In a year past, Artist Robert Beck went to W. 81st St. to take a look at the Macy’s Thanksgiving Day Parade balloon raising, and it turned into a studio painting.
By Robert Beck
Staging the Macy’s Thanksgiving Day Parade is a big job. There are bands, balloons, floats and dancing teams, all to maneuver into position and get moving at just the right time. The balloons are delivered and unrolled down 77th and 81st Streets well beforehand, in the order of appearance. When the parade begins, they are alternately called out onto Central Park West to join the procession for the trek down to 34th Street.
The inflation is a major event that attracts a large audience of its own. The balloons are secured by ropes and nets to keep them grounded as they fill. As evening slides into night, the shapes rise from the street, growing in volume, slow and ponderous within their restraints.
It is an extraordinary sight. Eighty-First is lined with residential buildings on one side and the park at the American Museum of Natural History on the other. There is an uneasy coexistence. The buildings are an invasive species, and any indigenous terrain exists at the pleasure of the concrete, like pet trees. Peering down the street gives the vague perception of having a hiking boot on one foot and a high heel on the other. In between, enormous volumes are lifting from the ground, taking possession of the center space, transient and mirthful, neither branch nor brick.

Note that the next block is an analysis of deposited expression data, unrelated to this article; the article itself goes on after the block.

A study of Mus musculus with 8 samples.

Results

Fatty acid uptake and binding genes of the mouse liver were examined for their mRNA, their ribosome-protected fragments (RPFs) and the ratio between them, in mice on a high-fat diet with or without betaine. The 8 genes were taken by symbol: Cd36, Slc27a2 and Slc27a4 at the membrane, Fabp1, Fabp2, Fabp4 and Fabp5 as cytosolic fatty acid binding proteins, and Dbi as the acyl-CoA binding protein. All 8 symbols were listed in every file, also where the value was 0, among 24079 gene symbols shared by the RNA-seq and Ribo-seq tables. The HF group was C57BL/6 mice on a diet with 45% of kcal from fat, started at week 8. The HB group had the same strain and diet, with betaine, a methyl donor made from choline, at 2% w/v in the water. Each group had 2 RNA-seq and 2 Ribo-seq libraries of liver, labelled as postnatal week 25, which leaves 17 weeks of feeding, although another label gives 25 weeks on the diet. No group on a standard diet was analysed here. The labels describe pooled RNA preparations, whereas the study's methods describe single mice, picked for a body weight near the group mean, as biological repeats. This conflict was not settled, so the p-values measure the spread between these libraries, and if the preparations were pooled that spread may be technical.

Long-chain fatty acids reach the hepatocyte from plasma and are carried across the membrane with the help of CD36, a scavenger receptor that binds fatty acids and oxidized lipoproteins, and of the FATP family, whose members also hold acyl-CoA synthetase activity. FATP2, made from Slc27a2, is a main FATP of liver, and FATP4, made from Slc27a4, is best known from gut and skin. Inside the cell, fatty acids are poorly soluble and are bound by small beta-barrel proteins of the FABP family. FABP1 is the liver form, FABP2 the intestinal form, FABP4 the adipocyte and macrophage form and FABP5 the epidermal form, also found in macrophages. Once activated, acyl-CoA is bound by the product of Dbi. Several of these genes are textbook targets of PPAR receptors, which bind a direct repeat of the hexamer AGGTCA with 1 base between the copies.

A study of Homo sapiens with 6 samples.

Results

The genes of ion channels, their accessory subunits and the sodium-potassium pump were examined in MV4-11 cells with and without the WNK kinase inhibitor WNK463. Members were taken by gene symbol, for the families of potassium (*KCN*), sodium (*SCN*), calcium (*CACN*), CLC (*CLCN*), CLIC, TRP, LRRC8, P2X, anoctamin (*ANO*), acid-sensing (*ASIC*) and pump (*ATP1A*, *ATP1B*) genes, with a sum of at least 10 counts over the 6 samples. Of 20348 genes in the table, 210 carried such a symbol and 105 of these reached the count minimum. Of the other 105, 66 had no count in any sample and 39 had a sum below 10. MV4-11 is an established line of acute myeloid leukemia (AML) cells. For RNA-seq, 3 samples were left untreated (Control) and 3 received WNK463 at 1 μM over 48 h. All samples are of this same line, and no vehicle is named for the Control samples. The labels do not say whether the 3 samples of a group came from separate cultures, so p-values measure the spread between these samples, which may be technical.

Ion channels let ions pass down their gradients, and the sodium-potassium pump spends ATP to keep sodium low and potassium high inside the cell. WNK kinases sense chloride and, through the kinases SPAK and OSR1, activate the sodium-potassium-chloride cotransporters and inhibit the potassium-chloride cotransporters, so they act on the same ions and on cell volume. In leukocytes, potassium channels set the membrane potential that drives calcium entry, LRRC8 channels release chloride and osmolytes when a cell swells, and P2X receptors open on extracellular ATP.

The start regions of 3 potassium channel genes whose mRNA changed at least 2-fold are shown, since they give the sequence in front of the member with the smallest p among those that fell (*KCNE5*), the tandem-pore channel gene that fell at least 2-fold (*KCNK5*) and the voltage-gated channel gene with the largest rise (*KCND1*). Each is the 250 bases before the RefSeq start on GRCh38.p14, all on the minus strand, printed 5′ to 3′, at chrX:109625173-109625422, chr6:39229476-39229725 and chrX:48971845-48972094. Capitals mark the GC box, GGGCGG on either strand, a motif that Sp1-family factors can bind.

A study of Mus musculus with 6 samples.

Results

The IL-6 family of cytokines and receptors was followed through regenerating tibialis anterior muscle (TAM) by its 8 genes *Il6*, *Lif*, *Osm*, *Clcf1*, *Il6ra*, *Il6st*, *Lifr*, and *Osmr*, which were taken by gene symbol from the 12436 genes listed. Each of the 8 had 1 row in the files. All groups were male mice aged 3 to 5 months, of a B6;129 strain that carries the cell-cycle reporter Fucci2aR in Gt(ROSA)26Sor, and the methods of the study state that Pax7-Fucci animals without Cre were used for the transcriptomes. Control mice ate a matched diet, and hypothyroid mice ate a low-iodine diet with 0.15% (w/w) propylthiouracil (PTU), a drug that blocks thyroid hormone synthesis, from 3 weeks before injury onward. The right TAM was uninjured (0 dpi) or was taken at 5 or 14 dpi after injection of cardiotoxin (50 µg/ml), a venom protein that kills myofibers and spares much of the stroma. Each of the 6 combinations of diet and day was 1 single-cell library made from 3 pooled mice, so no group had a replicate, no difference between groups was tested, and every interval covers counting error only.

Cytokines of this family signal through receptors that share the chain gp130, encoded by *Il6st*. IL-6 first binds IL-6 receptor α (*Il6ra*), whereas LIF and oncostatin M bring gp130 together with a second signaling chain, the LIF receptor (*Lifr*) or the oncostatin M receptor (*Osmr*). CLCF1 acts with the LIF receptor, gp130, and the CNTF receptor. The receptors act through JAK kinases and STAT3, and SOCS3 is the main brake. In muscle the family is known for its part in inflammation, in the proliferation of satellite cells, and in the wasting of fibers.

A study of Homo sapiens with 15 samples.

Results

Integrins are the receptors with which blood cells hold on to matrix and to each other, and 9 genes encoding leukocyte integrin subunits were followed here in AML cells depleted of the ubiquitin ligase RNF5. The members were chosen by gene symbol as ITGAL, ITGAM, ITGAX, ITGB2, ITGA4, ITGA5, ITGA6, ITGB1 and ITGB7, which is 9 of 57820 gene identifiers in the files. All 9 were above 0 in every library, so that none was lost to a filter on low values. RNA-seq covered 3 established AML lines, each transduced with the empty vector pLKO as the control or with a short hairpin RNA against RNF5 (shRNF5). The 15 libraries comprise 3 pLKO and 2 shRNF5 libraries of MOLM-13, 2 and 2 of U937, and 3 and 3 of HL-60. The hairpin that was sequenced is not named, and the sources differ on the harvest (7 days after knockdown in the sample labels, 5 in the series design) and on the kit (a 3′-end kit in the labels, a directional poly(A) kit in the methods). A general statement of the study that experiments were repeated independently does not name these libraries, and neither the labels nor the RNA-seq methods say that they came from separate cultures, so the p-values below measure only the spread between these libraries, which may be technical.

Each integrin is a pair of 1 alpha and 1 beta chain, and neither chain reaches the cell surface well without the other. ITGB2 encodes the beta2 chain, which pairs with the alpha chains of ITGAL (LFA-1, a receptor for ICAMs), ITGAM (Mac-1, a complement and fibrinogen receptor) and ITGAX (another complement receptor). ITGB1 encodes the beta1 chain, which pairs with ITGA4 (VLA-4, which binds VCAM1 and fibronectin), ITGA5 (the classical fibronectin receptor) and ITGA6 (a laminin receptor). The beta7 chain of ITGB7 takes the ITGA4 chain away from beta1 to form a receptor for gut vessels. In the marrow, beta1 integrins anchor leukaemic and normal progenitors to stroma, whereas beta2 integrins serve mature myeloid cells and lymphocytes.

Darkness brings a bath of urban orange from the streetlights. Light arrays fed by generators illuminate the sides of the expanding balloons. The growing forms are attended by workers adjusting ropes and equipment. Immense crowds are held back by temporary railings, mesmerized by the colossal shapes and brilliant colors while police helicopters pass overhead with sweeping searchlights. Shades of a sci-fi movie: Totems from Planet 3.